Week 6 – Whiteness

1) Why do we not commonly talk of ‘white’ as racial marker?

‘Whiteness’ is an unmarked category. Richard Dyer has called it an “invisibility” of culture. It is rarely talk because of racial power position. He says that being white secures you a position, they have power, a dominant and privileged position, thus believing that they can speak, feel and act on behalf of everyone else. Being white, there are no form of anxiety attached to it. If you are white, there is a very low chance of racial abuse because being white gives you a powerful position.

Popular culture has made or positioned ‘Whiteness’ or the white culture as an empty culture, bland and boring. Does it exsist? In the lecture, Sharif answered, ‘when we think about culture, we don’t think from a racial dimension’ and he argues, ‘we must remember invisibility and put race on the agenda. It is race, it is positioned culturally as white and a particular brand of whiteness’. It becomes so normal. ‘Whiteness’ is a social norm. “As long as race is something only applied to non-white peoples, as long as white people are not racially seen and named, they/we function as a human norm” (Dyer, pp.1). It’s a social construct. So much attention is given to other races and not many studies have been done on the ‘white’. In Western culture, studying history is studying ‘whiteness’, where the ‘Whites’ have always had a dominant role. We are trained to see ‘Whiteness’ as the social norm. He also goes on to say, “To be normal, even to be normally deviant (queer, crippled), is to be white” (Dyer, pp.12)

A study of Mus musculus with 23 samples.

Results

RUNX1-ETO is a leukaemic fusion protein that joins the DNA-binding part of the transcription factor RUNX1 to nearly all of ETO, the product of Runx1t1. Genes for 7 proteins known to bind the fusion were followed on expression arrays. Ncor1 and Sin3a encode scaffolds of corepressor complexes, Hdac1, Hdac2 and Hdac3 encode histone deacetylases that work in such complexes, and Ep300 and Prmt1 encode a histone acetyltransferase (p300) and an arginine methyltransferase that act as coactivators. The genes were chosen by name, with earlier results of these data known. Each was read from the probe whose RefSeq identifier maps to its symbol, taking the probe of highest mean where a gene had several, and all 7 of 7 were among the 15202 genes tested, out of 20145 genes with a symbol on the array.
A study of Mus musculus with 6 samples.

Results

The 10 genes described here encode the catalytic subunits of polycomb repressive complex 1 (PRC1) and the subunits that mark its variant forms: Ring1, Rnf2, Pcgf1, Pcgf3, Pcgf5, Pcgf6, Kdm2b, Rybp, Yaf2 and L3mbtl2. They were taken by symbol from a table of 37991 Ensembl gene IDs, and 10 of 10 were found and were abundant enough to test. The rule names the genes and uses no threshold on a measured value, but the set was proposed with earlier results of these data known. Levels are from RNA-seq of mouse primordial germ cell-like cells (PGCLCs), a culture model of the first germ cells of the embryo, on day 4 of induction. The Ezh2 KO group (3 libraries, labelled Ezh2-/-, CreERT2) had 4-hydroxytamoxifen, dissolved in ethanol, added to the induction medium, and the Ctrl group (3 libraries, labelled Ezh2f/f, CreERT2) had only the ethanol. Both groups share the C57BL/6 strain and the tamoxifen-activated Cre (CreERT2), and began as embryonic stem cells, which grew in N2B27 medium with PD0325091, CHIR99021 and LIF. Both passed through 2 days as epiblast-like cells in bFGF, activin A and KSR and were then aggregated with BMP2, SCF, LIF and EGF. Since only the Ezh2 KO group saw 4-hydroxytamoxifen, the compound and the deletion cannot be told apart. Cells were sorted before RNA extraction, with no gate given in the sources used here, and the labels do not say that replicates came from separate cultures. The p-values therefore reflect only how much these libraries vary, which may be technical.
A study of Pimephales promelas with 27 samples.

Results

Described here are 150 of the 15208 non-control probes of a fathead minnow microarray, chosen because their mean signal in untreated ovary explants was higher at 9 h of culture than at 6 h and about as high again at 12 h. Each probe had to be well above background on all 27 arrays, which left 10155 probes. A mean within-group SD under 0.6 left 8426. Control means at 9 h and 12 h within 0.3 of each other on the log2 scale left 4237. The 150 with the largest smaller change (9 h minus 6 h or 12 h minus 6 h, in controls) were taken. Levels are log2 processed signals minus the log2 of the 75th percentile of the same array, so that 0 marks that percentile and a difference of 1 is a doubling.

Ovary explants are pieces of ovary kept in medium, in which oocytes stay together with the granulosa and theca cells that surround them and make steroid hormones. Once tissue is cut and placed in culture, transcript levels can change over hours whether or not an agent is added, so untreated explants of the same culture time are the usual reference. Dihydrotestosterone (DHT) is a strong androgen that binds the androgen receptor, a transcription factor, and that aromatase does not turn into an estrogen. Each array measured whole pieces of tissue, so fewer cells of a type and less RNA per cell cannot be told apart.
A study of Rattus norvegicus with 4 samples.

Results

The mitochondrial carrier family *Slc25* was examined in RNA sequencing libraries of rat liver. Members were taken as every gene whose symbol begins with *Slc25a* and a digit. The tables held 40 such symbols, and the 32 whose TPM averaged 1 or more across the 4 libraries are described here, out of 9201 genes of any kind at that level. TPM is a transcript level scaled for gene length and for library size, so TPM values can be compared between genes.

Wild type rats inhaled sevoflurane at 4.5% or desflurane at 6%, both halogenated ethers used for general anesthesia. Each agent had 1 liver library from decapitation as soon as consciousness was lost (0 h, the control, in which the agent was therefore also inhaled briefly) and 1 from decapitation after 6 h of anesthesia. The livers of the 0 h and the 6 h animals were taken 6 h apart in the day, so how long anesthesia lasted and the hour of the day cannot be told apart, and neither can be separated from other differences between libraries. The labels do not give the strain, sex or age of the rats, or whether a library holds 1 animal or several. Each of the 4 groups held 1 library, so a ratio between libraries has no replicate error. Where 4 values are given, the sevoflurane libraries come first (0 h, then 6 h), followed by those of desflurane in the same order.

2) Find a fictional or entertainment media text that shows something about whiteness e.g. TV programme/song/advert/film/music video (not news)You’re your blog provide a link to the media example and a few sentences on why you’ve chosen it and what it shows about whiteness.

This clip is from the movie done by the Wayans Brothers called, ‘White Chicks’. It’s a film about two African-American police detectives who go undercover as white girls to keep their appearances up.

In this particular scene, we see the undercover detectives dressed as white girls getting into a verbal argument with the other rival and popular blonde girls. The detectives start throwing ‘Yo Mama’ jokes, which is commonly known or associated to ‘black’ jokes. When the detectives jokes about, you can feel their ‘blackness’ or ‘ghetto-ness’ come through their jokes while being white. As compared to the blonde girls, their jokes fail to deliver.

Whiteness is seen something performed and white culture is mostly seen, presented and positioned (popular culture has made it seem as an empty culture) as bland, boring while ‘other’ cultures are seen as vibrant, loud and exciting. The ‘Yo Mama’ jokes, coming from a black culture makes the scene exciting as the undercover detectives successfully delivers while we hear dull and boring jokes from the popular blonde girls, which aren’t very funny because the ‘Yo Mama’ jokes are not very much part of a white culture.